1. #1 Plant-Animal ancestry, for those who are curious. 
    Forum Professor

    “Although Chlamydomonas is certainly more plant than animal, there are clear similarities between this photosynthetic organism and animals that would surprise the average person on the street,” comments Grossman. “Just twenty years ago no one would have guessed that an alga would have retained many of the functions we associate with humans and would be useful for developing a basic understanding of certain human diseases.”
    http://www.ciw.edu/news/green_algae_...nimal_ancestry

    More than 100 scientists have reported an analysis of the genome of the green alga Chlamydomonas reinhardtii in the October 12 issue of the journal Science.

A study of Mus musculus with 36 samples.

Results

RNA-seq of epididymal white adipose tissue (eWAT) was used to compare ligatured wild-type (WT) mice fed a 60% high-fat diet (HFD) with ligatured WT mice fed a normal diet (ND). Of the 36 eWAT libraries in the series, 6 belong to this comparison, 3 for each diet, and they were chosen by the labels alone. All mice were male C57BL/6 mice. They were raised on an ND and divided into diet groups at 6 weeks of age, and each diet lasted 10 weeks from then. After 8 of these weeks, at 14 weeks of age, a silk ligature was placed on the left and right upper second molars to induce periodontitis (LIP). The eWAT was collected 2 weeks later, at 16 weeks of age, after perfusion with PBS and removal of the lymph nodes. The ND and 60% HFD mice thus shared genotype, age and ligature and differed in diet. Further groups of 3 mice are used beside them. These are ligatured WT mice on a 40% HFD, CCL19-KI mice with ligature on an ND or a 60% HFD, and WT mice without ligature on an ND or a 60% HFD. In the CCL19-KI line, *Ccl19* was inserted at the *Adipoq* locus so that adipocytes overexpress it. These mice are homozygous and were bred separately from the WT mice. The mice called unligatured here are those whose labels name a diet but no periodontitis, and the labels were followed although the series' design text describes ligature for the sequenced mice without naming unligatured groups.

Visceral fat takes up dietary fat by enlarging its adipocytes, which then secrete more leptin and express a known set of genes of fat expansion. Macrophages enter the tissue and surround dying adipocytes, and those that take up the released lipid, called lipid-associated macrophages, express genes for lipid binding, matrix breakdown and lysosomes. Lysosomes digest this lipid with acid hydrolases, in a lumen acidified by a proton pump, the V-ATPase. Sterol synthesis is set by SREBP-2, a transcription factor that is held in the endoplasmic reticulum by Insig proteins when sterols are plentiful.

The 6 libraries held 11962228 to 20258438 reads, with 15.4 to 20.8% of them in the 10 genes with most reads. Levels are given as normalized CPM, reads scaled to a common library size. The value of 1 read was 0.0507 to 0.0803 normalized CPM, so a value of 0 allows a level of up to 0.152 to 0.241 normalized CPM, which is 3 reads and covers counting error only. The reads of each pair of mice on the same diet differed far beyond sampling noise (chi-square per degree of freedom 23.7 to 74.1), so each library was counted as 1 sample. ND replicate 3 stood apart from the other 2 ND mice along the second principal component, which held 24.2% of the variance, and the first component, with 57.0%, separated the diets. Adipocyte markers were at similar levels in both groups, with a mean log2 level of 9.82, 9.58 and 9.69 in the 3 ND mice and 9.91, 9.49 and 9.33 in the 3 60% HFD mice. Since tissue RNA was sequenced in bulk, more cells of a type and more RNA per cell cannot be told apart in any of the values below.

http://www.nsf.gov/news/news_summ.js...=NSF&from=news

    And the genome has been deposited in the Joint Genome Institute's database:

    http://www.jgi.doe.gov/

    Specifically:

    http://genome.jgi-psf.org/Chlre3/Chlre3.home.html

    (a short tutorial: Following this last link, one can select BLAST (Basic Local Alignment Search Tool) and input any sequence of interest, for example the sequence of some human disease gene. This will compare the input sequence to the genome of the organism that you are blasting against (in this case, Chlamydomonas). There are other tools on the site. The Joint Genome Institute is a public resource for genomic research.)



    Evolutionists often make the point, for instance, the in many genes each human male is more closely related to chimpanzee males than either is to the females of their species. And the same applies the other way too. Sex is so old that genes for it have their own 'lineage' as it were, that doesn't necessarily follow species lines.

    The proteins and neurochemistry of those algae may be a similar "legacy" perchance? Or have they simply been misclassified thus far?